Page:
The mother of this former client of Narconon StoneHawk (now closed) drove from Texas to Michigan after hearing several complaints by her son on collect phone calls he had to sneak during free time in order to make. After Narconon found out that she was coming to get him, he was "punished" by being kept in a small room without food and being badgered by staff, as they tried to convince him that she, his mother, was the suppressive enemy. The former owner of StoneHawk now runs other facilities in Michigan which use Narconon methods and training, but are not formally named as "Narconon".
Narconon Stone Hawk
Closed as of 2008/2009, did business as:
Narconon Stone Hawk
Address: 216 Mary's Lake Rd., Battle Creek, MI 49017
Managed by: Narconon Stonehawk, Per A. Wickstrom
Registered Agent: Per A. Wickstrom
216 Mary's Lake Rd., Battle Creek, MI 49017
This former client of Narconon StoneHawk (now closed) was taken to a "crack motel" when he refused to go to "class" due to having the flu, and he relapsed there while waiting for a flight back home. He says his mother chose it out of desperation and sent him to the first place that sold her a dream. He later achieved sobriety through Narcotics Anonymous.
After three days at Narconon Stone Hawk, this young man alerted his parents to the Narconon-Scientology connection and asked them to conduct a search on the internet for additional information. His parents removed him from the program and began their battle to obtain a refund of the $20, 000 they paid for the program.
This is a 2011 FTC complaint about Narconon Stone Hawk sent in by the Michigan Attorney General. The details of the complaint against Stone Hawk are not mentioned. The details of this complaint have been redacted. Nevertheless, we have included it here to document that a complaint was made about the facility listed on the given date.
This single Mom took out a high interest loan and emptied her retirement account to pay for her son's treatment at Narconon Stone Hawk. She was disappointed to find the facility in poor condition. Additionally, she claims her son was dropped off at a motel, 26 miles away from the program in a drug infested area. She feels that Narconon uses suspensions to generate revenue by charging additional fees when clients relapse.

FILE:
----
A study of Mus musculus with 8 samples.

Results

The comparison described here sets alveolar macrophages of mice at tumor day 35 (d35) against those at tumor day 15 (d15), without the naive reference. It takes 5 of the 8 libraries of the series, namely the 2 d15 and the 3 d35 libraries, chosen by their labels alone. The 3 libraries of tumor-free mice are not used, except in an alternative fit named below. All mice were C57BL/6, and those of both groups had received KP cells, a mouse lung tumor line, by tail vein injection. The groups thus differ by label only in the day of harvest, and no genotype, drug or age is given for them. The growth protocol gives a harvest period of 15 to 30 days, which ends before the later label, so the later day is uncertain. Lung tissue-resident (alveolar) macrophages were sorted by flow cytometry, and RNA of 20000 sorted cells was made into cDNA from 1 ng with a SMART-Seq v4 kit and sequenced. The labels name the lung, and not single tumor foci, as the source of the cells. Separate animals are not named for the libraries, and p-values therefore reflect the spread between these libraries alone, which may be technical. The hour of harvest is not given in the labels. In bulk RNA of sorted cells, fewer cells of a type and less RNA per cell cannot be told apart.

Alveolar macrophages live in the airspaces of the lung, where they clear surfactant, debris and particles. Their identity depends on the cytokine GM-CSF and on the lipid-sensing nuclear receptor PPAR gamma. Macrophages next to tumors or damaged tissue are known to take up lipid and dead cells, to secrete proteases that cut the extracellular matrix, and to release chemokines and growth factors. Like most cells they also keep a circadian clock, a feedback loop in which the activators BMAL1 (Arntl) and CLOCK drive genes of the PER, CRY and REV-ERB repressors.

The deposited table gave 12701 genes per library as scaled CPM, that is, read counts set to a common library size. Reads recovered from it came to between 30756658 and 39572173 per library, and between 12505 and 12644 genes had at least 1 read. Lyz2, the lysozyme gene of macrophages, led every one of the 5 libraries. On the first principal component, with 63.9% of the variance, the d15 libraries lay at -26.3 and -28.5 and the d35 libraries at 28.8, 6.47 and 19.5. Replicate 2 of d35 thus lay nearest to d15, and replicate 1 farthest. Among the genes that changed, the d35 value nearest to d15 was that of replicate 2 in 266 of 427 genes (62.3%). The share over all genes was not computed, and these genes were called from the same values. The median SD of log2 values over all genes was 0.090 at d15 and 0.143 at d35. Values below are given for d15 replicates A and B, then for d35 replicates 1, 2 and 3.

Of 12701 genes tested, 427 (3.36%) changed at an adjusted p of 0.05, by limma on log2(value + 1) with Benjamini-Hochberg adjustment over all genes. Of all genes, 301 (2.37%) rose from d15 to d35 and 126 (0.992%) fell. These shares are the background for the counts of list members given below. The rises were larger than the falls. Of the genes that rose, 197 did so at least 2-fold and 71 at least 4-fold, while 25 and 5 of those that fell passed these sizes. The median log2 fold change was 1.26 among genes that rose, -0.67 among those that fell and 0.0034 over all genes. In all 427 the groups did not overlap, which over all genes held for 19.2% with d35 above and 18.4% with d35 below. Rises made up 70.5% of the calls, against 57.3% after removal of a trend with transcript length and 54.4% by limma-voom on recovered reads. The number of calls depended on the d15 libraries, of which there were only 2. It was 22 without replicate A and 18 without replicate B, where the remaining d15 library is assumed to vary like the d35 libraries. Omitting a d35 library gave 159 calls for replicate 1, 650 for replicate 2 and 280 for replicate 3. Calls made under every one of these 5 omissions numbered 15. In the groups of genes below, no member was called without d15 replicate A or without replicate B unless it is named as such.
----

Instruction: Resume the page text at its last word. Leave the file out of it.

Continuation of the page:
The family member was at Narconon Stone Hawk in Battle Creek for 12 days, before being removed by the family after they discovered that the facility was inadequately cared for, the staff was unqualified, and the treatment methods were Scientology based. They tried for 9 months to get a refund, but calls were ignored and a certified letter to the Executive Director (Per Wickstrom) was returned unopened. The 12-day stay cost them $28,600.00.
A leaking roof, filthy mattresses and alcohol and drugs at the facility are some of the issues cited in this complaint. Mom is a nurse who inquired about the dosages of vitamins given to her son. Narconon staff members were either unable or unwilling to provide the information. Included in the complaint is another claim that Narconon was paid twice, once by the parent and once by the insurance company. When Mom asked for reimbursement by Narconon, they allegedly refused. This parent has filed complaints with multiple state agencies and Anthem Blue Cross, her health plan.
According to this Mom, there is no contractual basis for Narconon Stone Hawk to retain the $29, 437 fee she paid for her daughter's treatment. After receiving the contractual agreement, she pulled her daughter from the program and disputed the charge with her credit card company. Emails and calls to Narconon Stone Hawk went unanswered until a treasurer said she would help, but never followed up.
As many others have alleged, this client reports relapsing counselors, sexual misconduct of staff and refusal of medical treatment during his treatment at Narconon Stone Hawk in 2006. In an effort to obtain reimbursement for a family member's up-front payment of $24, 900, claims were submitted by the client to his/her health plan. The health plan submitted $8,000 directly to Narconon. When attempting to get the money back, he/she was informed a processing fee of $399.00 would be required. As of December of 2007, no reimbursement had been received.
This person was initially overwhelmed by the cost of Narconon, but along with the promised 70% success rate, counseling, a "magic sauna treatment", and a no drug detox, the 4-6 month stay seemed just like what the son needed. Once they agreed to have the son start the following week , they were pressured and told that if the son didn't start immediately, he could relapse, or die. They were required to put down a $5,000 deposit to hold a bed. When they arrived at Narconon with the son, the family was taken into a locked room, shown the student rules, the contract, and informed that if the son left after 2 weeks, regardless of the reason, the cost would be $15,000, with an additional $1000 per day after the two week period. They were also required to deposit another $500 into an emergency medical account and some money in the son's personal student account. They had a bad feeling about it at the time, but hoped that Narconon would be an answer to their prayers for the son. It only went downhill from there. Read the complaints for more.